Did You Learn More Lasting Career Lessons In School Or At The Office?

We asked, and you shared your experiences.

Last week, Fast Company's Drake Baer explored a question of concern for many recent college graduates and working professionals alike:

Can education get in the way of being able to learn?

Baer explores what he calls "differentiation"—effectively saying that if students are all learning the same things in college, their ability to thrive (and avoid complacency) in an environment that rewards new and exciting ideas may be limited.

It's important to note that while every institution used to be able to tell you what you needed to do to function best, the innovation-centric workplace will always be hungry for new, different, un-mined ideas. So if we're going to become exceptional there, we need to become exceptions.

The best way, it seems, to prevent yourself from becoming one of the sheep is to vary your life experiences. As Steve Jobs used to say, developing a breadth of knowledge through life experiences is essential to real connections with other individuals—an essential requirement for a successful career.

But enough from just us: To open a discussion about the article we asked our readers (that's you) on Facebook if anything they learned in school really helped them do better at work, or if all of their learning experiences came from within the workplace.

Below, we've included some of our favorite—and what we feel are the most informative and thorough—answers. If you have any additional points, please add them in the comments.

School is a training ground, but real experience is priceless.

School teaches you to think critically and finish something. It also teaches you to interact with others and is practice. However, actual job experience—having to rise to the challenge in a "real" situation is unparalleled. Internships should be required to graduate. And people should worry less in college and have fun. You're gonna work a looong time! —Lauren Vogt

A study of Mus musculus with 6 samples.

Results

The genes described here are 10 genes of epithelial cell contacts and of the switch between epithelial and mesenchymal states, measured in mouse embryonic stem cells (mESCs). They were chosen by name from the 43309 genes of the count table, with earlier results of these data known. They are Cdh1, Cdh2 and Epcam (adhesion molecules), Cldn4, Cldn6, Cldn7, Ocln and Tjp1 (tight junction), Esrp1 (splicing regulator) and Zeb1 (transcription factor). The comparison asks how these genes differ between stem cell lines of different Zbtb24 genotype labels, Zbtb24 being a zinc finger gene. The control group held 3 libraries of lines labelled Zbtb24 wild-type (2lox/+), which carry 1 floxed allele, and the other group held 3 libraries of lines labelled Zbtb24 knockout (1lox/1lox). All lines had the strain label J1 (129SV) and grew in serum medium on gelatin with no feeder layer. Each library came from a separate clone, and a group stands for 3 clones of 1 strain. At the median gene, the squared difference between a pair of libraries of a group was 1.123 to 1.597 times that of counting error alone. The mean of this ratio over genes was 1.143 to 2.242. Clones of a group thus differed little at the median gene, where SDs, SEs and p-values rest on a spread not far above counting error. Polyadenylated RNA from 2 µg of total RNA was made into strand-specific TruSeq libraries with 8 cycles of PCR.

Mentorship and real-life experience offer the skills of a college education.

Learned my path by walking it. Did not attend college. I'm not anti-college, depending on what it's for. As for people and social skills, they are learned throughout your life. These are the skills that will take you wherever you want to go. At almost 50 years old, I now run my own successful businesses and even more importantly I coach others and help them develop the life and/or biz that they desire. So, I definitely lean toward learning more on the job. There is no better teacher than experience. —Walt Ford

Ideally, both experiences—in the classroom and the workplace—should complement each other

I worked nearly full-time all the way thru college and grad school, and part-time during most of high school. So I was constantly inter-applying what I learned from school with what I learned from work, and vice versa. Best way to grow up, in my opinion! —Sarah K Asaftei

The creativity nurtured in the classroom is key.

Studying and practicing Fine Arts in college opened a million + doors for me. Everything is possible. If it is not "Art," then it is "Art Supplies." Nothing is absolute. Creativity and a good attitude are great sleds for the long traverse. —David McGinn

Join the discussion below: Does anything you learned in school really help you do better at work, or did you learn everything on the job?

[Image: Flickr user Alex]


    We should learn by doing always. The School is necesary but it has to change the way it teaches. We retain experienced and forget books. We forget books when they don't transfer us an experience. The more experiences we have the more we learn, both at school such as working.

  • Brun_ooo

    School gives you an understanding to what perspectives you can have and what paths you can take whilst the a work environment will actually lead you to go these paths pick up stones, turn 'em into diamonds and make enemies, friends and families along the way. 

  • Clippingimages


    I’ve learned
    a lot from your blog here. Keep on going my friend; I will keep an eye on it.